I have secured a place on the Transitional (Six-Month) Programme, my last step to complete my legal training to become a Barrister/Attorney-at-law.
I aspire to become an Employment law and Commercial law practitioner. However, despite securing a place at HWLS, the course fees and upkeep are still an undertaking of about GBP 12,000.
I completed a fast track, two-year undergraduate LLB, instead of the usual three years in 2016, achieving a Second Upper class with honours. In 2017, I completed my postgraduate Masters of Laws, LLM-BPTC, achieving a grade of ‘Very Competent’. I undertook both my LLB and LLM-BPTC at Nottingham Law School (‘NLS) and was lucky enough to receive two major scholarships from the law school to complete my studies. More than academics, I have gained success in several extra curricular activities and have been an active member of my law school. For example, I participated in mooting and negotiation competitions, wrote legal journals for the NLS ‘All Things Law’ magazine and blog, was recognised as a model student in the academic year 2015/16 and 2016/17, and was appointed as an international NLS ambassador to Kenya in 2017, amongst other things.
Furthermore, I have been volunteering at the Nottingham County Court and Family Court with the Personal Support Unit, assisting those who do not have legal representation or those who simply needed emotional assistance or legal knowledge before entering court. Alongside this, I undertook my own Employment Tribunal cases at the Nottingham Free Representation Unit and successfully represented two claimants in an Unfair Dismissal claim and a Breach of Contract claim respectively at the Tribunal. In addition, I also drafted company policies and Commercial law legal opinions at the NLS legal advice centre.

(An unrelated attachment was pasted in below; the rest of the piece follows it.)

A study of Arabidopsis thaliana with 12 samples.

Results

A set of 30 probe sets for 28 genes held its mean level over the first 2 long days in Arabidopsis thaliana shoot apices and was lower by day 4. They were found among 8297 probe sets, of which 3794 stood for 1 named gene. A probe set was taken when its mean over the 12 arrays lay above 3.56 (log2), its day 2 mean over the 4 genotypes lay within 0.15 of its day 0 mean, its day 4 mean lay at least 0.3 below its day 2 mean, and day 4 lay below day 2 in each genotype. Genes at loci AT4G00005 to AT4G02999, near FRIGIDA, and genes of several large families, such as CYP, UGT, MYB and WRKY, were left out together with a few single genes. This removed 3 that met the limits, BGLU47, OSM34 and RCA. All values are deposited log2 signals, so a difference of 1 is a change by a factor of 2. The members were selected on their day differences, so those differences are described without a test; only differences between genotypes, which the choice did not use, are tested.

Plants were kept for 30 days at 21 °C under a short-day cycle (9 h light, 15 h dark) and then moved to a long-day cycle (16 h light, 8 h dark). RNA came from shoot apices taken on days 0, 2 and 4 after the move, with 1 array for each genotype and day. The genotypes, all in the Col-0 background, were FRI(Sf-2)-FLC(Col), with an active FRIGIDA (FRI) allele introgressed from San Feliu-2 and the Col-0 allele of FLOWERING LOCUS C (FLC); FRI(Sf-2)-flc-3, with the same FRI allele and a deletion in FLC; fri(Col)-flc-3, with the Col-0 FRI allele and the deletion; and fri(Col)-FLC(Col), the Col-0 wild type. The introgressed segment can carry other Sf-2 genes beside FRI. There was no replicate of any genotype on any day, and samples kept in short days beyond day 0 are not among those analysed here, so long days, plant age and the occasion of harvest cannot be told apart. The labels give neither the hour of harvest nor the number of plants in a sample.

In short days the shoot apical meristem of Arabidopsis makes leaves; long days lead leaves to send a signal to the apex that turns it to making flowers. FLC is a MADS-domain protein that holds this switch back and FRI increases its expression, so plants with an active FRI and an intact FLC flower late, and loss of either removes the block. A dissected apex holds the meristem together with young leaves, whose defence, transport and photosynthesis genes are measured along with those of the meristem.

Due to cross-qualification complexities in Kenya, I am unable to be admitted or to practice in Kenya as a foreign trained lawyer, until I satisfy Section 13 (1) (e) of the Advocates Act of 1989 i.e. I should be entitled to appear before a superior court of a Commonwealth country for a period of not less than five years in practice so as to be granted a discretionary waiver by the Law Society of Kenya (‘LSK’). Unfortunately, I do not meet the five year discretion threshold. Consequently, the Trinidad and Tobago path is the most reasonable alternative as it will enable me to start my practice there as soon as I complete my Transitional Programme in March 2019, and then I will be able to cross qualify in Kenya in five years time. Unlike in the UK, HWLS does not offer scholarships and that is why I need your help to be able to bridge the gap!
I am so grateful for the time taken to read my story and any support would be gratefully received, allowing me to pursue my journey to the Caribbean Bar.